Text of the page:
Spokane, WA – The Steve Gleason Institute for Neuroscience and its innovative vision for the care and cure of brain (neurodegenerative) disease was on full display at last week’s Biomedical Sciences Symposium, held at the Spokane Convention Center and organized by WSU’s Elson S. Floyd College of Medicine Biomedical Sciences department.

Seminal to the discussion was an introduction to the institute from its interim director, Marcos Frank, Ph.D. He outlined the institute’s “three-legged” approach to addressing neurodegenerative disease, including clinical research and care, new assistive technology and foundational discovery research.

“We’ve only just begun this journey together, but we’ve taken some important steps,” Frank said. “We’ve created the core administration of the institute and identified partners in industry and the greater health care community to assist us in our mission.”

The incidence of neurodegenerative disease, including amyotrophic lateral sclerosis (ALS), which former WSU and NFL star Steve Gleason was diagnosed with in 2011, is expected to soar as the population ages. These conditions affect millions of Americans and account for billions of dollars in health care costs each year. This increases the urgency to expand treatment options, develop care innovations and ultimately find a cure.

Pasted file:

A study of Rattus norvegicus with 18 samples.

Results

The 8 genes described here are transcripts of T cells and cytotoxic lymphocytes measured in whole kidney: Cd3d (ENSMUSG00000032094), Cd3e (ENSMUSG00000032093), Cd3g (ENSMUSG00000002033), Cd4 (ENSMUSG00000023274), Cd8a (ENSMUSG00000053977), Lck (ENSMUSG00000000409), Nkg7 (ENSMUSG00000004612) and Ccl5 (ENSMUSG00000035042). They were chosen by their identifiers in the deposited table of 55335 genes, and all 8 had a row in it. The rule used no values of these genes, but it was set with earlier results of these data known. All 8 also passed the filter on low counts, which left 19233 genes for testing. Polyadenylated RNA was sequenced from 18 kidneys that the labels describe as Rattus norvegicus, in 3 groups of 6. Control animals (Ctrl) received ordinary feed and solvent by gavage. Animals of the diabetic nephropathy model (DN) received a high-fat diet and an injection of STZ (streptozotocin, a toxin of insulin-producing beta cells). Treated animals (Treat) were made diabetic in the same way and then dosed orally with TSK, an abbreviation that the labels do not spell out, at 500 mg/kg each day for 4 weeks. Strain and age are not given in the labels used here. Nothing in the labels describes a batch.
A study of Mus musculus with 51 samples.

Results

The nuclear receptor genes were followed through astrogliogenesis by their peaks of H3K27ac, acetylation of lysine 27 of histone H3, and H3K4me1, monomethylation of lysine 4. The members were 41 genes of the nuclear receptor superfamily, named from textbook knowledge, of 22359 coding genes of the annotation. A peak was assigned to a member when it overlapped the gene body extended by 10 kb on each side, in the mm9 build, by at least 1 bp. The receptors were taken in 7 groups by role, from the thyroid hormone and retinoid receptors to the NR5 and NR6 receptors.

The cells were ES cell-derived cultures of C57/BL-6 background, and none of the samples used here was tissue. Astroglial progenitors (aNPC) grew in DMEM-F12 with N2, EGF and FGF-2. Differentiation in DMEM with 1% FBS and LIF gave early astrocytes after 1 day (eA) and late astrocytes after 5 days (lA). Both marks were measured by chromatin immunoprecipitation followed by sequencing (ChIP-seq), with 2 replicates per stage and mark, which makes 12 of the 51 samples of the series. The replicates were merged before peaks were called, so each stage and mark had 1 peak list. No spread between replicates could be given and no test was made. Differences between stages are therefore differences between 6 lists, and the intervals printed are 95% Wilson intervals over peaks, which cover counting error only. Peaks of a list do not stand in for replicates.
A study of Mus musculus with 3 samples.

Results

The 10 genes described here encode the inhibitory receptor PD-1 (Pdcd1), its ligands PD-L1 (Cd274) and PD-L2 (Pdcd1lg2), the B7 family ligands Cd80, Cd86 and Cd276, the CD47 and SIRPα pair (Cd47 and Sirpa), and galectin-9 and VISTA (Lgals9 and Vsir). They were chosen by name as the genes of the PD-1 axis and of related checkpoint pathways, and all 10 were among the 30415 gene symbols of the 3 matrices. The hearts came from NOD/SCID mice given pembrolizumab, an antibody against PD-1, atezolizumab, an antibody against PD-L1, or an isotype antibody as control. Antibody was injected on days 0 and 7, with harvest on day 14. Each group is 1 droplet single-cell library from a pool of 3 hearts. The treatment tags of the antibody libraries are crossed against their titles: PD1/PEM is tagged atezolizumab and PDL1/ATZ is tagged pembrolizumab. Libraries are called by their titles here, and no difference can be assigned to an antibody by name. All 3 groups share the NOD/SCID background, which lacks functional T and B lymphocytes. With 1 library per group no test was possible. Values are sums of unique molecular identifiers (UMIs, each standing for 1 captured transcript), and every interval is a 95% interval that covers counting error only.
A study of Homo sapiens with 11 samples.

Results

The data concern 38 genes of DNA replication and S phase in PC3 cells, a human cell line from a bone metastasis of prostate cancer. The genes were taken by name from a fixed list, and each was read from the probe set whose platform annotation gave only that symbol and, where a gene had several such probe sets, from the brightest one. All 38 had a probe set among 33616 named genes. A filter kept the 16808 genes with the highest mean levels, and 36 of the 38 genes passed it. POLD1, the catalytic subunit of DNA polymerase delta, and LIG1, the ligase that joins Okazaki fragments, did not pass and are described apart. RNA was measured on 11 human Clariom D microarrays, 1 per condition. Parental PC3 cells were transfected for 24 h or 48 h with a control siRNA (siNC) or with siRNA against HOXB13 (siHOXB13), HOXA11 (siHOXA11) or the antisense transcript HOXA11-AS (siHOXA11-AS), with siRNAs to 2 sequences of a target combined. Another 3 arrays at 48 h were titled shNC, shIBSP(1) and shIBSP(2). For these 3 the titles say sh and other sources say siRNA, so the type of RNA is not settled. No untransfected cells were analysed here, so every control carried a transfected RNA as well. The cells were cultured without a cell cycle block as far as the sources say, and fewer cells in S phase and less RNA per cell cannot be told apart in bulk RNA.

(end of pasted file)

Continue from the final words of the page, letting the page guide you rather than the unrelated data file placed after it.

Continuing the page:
In January 2019, WSU Health Sciences and Team Gleason announced formal collaboration around the institute.

Steve Gleason Institute for Neuroscience interim director, Marcos Frank, Ph.D., congratulates the institute’s inaugural fellows, Naomi Chaytor, Ph.D., associate professor, WSU. Elson S. Floyd College of Medicine; Travis Denton, Ph.D., assistant professor, WSU College of Pharmacy and Pharmaceutical Sciences; and Jason Gerstner, Ph.D., research assistant professor, WSU Elson S. Floyd College of Medicine

Frank also announced three inaugural fellows to the institute who will play a pivotal role in researching new treatments for ALS and other neurodegenerative diseases.

  • Travis Denton, Ph.D., assistant professor, WSU College of Pharmacy and Pharmaceutical Sciences, is researching new drugs that target neurodegenerative disease.
  • Jason Gerstner, Ph.D., research assistant professor, WSU Elson S. Floyd College of Medicine, is developing new animal models of ALS and related diseases.
  • Naomi Chaytor, Ph.D., associate professor, WSU. Elson S. Floyd College of Medicine, will research new technologies that enable neurocognitive assessment in patients with ALS and related diseases.

Steve Gleason Institute for Neuroscience fellows have access to the institute’s core facilities and support, and each receive $5,000 to bolster their research.

Fundraising for the institute is underway to expand operations, complete building renovations and launch research and patient‑care operations.

WSU Health Sciences and Team Gleason are joined in this collaboration by community partners Avista, Health Sciences & Services Authority of Spokane County (HSSA), Providence Health Care, St. Luke’s Rehabilitation Institute, MultiCare, the City of Spokane and the University District.